Have you ever thought about taking a vacation from your IDE?
Recently, RebelLabs published a report, Getting started with IntelliJ IDEA as an Eclipse User, which among other things also gives users of one IDE an opportunity to test another IDE more easily based on some shortcuts and tips we provided. I wish that there was some guide like this for Java 8 with IDEs, because when it came out, I wanted to start using it right away with Eclipse….
However, it took me 4 days after Java 8 release to find a blog post about the topic, which in turn refers to another message, which then points to a Wiki page that describes Eclipse’s support for Java 8. ) that refers to a message on the JDT mailing list which in turn refers to a Wiki page where a how to for Eclipse Java 8 support is described.
In the same time it took me to find all these resources, I was downloading Netbeans in parallel with Java 8 support out of the box, which came out at the same time as Java 8. Just as IntelliJ IDEA almost instantaneously made a release.
Eclipse, I love you, but you’re somehow missing the boat here! However, getting acquainted with Netbeans doesn’t happen right away, and there are plenty of things to look out for…
For example: looking up shortcuts is a must unless you want to be in your own private little hell, but at least there is an easy PDF to refer to from the Help menu in NetBeans. Most of them are substantially different compared to Eclipse, and I believe they lean more towards the IntelliJ shortcut style. Perhaps IntelliJ and NetBeans are very similar and Eclipse is the black sheep of the gang.
The same counts for functionality: in Eclipse, a lot has to be added as a plugin (think servers, UI design tools, code inspection) but, just like with IntelliJ, Netbeans has a lot of them out of the box.
Here are 6 more differences I discovered between Eclipse and NetBeans, in case you wanted to know:
Automatic imports – Imports are usually not done automatically, it requires Alt+Enter or import fix ( Alt+Shift+I )
Build automatically – Eclipses auto-building behind the scenes is really great. In Netbeans, I have error signs on class files which do not have errors, but that’s only detected upon opening the class file.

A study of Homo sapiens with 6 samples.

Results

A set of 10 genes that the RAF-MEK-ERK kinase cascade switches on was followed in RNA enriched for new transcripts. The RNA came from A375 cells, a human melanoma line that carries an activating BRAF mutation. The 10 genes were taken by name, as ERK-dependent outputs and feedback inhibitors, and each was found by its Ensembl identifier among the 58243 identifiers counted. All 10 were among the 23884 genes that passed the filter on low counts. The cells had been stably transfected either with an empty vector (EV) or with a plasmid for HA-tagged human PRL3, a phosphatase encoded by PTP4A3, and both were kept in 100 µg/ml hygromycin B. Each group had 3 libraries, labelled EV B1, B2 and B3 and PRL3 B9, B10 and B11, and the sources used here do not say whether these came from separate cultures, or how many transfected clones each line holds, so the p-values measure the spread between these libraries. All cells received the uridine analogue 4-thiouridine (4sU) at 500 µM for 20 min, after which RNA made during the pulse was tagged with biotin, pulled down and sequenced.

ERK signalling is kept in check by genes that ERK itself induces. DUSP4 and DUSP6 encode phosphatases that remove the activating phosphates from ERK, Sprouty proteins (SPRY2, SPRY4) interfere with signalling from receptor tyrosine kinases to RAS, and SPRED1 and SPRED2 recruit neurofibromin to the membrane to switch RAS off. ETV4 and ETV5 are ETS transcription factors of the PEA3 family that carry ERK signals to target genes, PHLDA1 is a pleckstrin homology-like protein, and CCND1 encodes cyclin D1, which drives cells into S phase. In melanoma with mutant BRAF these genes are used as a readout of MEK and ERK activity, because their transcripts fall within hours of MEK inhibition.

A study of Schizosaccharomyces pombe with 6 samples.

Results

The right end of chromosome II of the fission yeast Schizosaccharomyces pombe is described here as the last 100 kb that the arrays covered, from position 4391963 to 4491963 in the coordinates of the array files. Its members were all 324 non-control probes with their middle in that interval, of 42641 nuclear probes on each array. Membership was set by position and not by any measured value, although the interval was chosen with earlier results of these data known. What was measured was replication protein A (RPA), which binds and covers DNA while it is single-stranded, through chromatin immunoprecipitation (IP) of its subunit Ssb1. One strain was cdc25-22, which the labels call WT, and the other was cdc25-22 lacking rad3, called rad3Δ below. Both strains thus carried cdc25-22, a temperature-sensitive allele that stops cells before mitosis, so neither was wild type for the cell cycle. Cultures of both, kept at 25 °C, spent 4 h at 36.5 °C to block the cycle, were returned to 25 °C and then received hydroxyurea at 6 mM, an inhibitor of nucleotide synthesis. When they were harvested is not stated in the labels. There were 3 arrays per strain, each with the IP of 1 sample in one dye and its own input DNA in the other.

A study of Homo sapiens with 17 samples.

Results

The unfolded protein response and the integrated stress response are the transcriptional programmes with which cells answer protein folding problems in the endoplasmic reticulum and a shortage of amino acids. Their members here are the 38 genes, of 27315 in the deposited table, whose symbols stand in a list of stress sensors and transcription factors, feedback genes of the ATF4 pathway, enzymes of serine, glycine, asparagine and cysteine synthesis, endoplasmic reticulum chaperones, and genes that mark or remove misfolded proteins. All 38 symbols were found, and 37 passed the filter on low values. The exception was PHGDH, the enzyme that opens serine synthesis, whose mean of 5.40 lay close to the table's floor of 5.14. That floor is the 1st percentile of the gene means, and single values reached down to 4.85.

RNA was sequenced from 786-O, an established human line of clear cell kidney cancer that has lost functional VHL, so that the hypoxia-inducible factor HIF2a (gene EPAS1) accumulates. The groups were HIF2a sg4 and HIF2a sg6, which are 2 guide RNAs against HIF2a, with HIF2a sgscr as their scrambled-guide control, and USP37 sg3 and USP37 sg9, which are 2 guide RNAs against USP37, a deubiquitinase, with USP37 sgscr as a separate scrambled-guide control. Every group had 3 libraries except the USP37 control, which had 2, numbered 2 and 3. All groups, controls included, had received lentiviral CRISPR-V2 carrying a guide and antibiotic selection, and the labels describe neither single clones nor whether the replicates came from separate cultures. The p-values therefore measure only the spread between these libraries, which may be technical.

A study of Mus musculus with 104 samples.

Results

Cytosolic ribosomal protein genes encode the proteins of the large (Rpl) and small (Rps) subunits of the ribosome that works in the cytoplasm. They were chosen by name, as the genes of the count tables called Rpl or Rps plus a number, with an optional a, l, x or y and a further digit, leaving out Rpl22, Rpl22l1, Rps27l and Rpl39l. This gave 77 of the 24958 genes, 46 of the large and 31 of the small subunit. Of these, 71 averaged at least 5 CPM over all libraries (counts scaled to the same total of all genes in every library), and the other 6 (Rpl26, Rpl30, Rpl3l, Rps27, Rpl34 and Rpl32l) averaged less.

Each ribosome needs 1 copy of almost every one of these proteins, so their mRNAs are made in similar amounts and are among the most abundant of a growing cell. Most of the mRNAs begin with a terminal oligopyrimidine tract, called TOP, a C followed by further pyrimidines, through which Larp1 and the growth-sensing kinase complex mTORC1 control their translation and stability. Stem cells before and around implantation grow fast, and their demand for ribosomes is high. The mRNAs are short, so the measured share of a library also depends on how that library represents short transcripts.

Different views – It took me a while to figure out how to convert the package list view to a tree view (once I got really fed up with the list view, I went through all settings and options only to find out on Google it’s hidden in a right-click menu in the Projects view, and the Files view doesn’t have the option!)
Autocompletion – Sometimes I get no autocompletion on XSDs or wrong hints and autocomplete proposals. Maybe I just have to get used to these?
Different buttons – Completion overwrite/completion insert are two different buttons? This is hard to get used to if you come from default overwrite. (But the overwrite doesn’t seems to work)
Refactoring methods – It appears that the refactoring of methods in the way I usually do it in Eclipse is a bit cumbersome. In Eclipse, you can change the method signature just by changing the signature on the places it’s called. With NetBeans, this only comes with the proposition of creating a new method with that different signature.
So far, those are the weirdest things I’ve come in contact with, which aren’t that bad. And, apart from the CTRL+Zing a lot more than usual, I find it pretty OK to code in Netbeans.
But yes, for all those old Java EE 6 projects that I have at work, I remain using Eclipse with pleasure, mainly thanks to the many plugins I’m used to. At the same time, I could have just as well followed the instructions on that Wiki page, but I thought hey, let’s give NetBeans another chance. Maybe I’ll become an IDE hopper–but for this purpose it would be great if the default shortcuts in IDEs were equal!
Leave me some tips in the comments section if you have any, or ping me on Twitter @redlabbe.